AUTOSAR Could Transform the Auto Electronics Industry
It’s been more than a year since the AUTOSAR software development consortium announced its intention to develop a standard software architecture on which all automotive electronics development will be based. If it is widely adopted, AUTOSAR will dramatically lower software development costs, significantly improve the reliability of software and make automotive electronics much more affordable. If carmakers widely adopt the architecture, most microcontrollers, electronics control units and software application modules will have to accommodate AUTOSAR. The consortium aims to apply the AUTOSAR architecture to all vehicle systems: chassis, powertrain, safety, human machine interface, body electronics and multimedia.
AUTOSAR planners are making great progress in establishing AUTOSAR as a global standard. The number of core partners has grown from the six founders, BMW, Bosch, Continental Teves, DaimlerChrysler, Siemens VDO and Volkswagen — to include Toyota, PSA Peugeot Citro?n and Ford. GM, which has just resolved its own legal hurdles, says it will also join as a core member. Twenty-six premium members have also signed up including Nissan, Honda, Porsche, Volvo, Denso, Delphi and Visteon.
One of the greatest benefits of AUTOSAR is that application software modules, a brake module for example, needn’t be dedicated exclusively to one car model or to one supplier’s electronics control unit. Any sufficiently capable ECU with an AUTOSAR interface would work. Carmakers would not have to spend a lot of design effort adapting the application software to the ECU or go through all the testing and re-qualifying that is necessary today.
AUTOSAR aims to standardize basic software that the customer doesn’t see, for instance, the runtime environment, network and nonvolatile memory management. With a standard AUTOSAR architecture, carmakers can focus development resources on unique features that attract customers and distinguish one car from the rest.
Mercedes and BMW have been the main instigators behind AUTOSAR. Their cars are among the world’s most complex, and that complexity has affected quality. Experts note that not only do Mercedes and BMW have to deal with multiple communications buses, they have approached the threshold on the number of modules they can put in their vehicles. Standards can bring order to complex vehicle systems.
BMW expects to install AUTOSAR software modules in ECUs in production vehicles as early as 2008. “To do that,” says Harald Heinecke, BMW electrical engineering executive and spokesman for AUTOSAR, “standard specifications will have to be ready by the middle of 2006. Standard software must be ready by mid-2005 in order to begin the testing processes.” Honda also intends to employ the AUTOSAR specification in a production vehicle by 2008.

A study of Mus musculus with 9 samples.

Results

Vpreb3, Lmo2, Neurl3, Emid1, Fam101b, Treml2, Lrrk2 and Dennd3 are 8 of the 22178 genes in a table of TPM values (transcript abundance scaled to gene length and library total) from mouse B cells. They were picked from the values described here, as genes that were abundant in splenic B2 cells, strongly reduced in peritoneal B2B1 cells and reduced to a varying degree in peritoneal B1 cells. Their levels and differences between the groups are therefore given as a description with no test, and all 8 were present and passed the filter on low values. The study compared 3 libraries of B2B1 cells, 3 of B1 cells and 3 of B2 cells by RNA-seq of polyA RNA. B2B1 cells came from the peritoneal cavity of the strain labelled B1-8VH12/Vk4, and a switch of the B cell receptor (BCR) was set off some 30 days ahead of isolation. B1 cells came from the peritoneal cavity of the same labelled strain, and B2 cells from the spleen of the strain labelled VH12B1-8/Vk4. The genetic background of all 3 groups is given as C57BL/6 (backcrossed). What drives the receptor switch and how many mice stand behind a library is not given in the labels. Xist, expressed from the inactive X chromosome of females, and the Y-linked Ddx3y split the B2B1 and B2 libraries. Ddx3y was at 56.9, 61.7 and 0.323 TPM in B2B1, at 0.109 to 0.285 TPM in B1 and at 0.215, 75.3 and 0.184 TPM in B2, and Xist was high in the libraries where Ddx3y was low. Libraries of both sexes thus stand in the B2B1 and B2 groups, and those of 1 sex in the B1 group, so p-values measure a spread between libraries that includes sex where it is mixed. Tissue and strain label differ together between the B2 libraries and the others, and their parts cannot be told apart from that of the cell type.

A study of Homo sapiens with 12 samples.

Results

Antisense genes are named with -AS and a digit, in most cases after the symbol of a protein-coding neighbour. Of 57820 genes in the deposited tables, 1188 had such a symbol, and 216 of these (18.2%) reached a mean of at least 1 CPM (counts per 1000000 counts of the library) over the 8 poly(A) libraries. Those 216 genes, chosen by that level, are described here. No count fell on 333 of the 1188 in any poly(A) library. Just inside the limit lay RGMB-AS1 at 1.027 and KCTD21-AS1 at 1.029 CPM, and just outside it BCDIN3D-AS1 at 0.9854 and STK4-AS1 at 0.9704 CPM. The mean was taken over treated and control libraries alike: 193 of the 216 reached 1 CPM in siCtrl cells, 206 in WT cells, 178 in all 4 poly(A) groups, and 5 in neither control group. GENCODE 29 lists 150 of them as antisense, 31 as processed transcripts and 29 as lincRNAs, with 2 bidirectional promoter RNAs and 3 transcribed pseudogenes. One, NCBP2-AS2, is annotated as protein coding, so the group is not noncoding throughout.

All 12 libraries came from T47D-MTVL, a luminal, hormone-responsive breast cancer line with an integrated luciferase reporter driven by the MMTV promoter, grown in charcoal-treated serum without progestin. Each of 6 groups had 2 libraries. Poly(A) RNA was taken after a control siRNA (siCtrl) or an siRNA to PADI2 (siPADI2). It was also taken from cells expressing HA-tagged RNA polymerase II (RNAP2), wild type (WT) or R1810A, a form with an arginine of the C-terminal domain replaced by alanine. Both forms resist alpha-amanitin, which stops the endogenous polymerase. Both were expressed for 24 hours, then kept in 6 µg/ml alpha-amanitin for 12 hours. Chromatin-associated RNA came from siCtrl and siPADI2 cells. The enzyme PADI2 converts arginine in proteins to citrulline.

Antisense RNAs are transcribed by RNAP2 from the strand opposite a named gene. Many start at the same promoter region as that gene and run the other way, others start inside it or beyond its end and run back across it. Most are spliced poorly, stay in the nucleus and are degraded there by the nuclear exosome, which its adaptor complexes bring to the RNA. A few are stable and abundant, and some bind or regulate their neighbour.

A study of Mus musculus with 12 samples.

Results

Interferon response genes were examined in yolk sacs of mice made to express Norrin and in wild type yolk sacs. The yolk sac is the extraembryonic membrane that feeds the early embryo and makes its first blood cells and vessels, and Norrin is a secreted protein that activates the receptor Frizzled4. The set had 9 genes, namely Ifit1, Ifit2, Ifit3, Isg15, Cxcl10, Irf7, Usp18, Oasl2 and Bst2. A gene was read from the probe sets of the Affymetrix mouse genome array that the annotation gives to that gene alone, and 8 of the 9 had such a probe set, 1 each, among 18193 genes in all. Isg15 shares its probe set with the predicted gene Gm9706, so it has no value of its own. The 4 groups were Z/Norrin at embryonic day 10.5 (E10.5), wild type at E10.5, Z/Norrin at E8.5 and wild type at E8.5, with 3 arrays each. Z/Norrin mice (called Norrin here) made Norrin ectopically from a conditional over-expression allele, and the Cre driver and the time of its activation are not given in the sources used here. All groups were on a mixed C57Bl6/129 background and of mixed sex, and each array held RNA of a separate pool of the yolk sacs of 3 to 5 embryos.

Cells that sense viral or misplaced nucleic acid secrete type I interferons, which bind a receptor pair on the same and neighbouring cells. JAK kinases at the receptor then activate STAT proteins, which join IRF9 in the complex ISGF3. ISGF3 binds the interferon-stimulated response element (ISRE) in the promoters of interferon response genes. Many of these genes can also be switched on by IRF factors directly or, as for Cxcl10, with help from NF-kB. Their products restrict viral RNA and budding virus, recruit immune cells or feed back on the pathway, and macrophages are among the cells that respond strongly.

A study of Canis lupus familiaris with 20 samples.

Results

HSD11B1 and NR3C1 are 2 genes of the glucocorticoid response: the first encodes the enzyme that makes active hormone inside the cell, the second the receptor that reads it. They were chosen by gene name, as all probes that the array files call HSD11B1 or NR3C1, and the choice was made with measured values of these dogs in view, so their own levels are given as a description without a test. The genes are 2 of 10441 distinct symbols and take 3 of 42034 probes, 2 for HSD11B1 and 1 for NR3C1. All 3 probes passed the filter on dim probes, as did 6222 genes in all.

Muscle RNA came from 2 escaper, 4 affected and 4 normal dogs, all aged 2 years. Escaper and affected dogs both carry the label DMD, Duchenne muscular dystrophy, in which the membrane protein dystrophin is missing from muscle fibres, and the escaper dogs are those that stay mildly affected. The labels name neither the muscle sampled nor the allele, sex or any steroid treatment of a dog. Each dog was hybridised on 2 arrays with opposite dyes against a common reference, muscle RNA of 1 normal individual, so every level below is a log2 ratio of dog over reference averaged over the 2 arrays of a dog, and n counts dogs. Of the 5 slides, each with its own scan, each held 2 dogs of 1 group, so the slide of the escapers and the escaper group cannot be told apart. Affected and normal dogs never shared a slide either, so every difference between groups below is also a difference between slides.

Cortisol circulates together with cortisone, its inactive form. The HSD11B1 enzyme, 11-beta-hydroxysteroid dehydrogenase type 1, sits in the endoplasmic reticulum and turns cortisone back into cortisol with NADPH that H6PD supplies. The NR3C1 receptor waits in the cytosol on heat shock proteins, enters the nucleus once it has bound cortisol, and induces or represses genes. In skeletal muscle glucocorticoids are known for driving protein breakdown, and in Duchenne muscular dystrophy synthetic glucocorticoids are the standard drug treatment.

Despite making good progress, it’s not at all certain yet that the AUTOSAR partnership will be successful. Back in October 1998, the world’s major carmakers formed the AMI-C consortium to develop standard interfaces — not for all electronics systems — just for multimedia components. After two years without a global consensus, AMI-C began to unravel, and BMW, Mercedes and VW withdrew their support.
Alliances along national lines within AUTOSAR have already started to form. In early September 2004, Toyota and Nissan announced the start of JASPAR (Japan Automotive Software Platform and Architecture) a partnership to jointly develop software and network specifications, including AUTOSAR specifications. While JASPAR intends to cooperate with AUTOSAR, its adherents are conscious that AUTOSAR is dominated by the Germans, who have five core members compared with only one core member from Japan — Toyota. Honda, which intends to join JASPAR, and Nissan are only premium members of AUTOSAR, without a vote. JASPAR, they feel, will give the Japanese more influence in AUTOSAR’s outcome.
While a boon to carmakers, AUTOSAR will be a bad thing for many electronics suppliers caught without a strategy. If AUTOSAR takes hold, the price of hardware and basic software is sure to decline precipitously, as will the market for the redundant engineering work required today when carmakers change suppliers or move an application to a different vehicle. Paul Hansen is a strategy consultant in Portsmouth, New Hampshire. He publishes The Hansen Report on Automotive Electronics, a business and technology newsletter. www.hansenreport.com.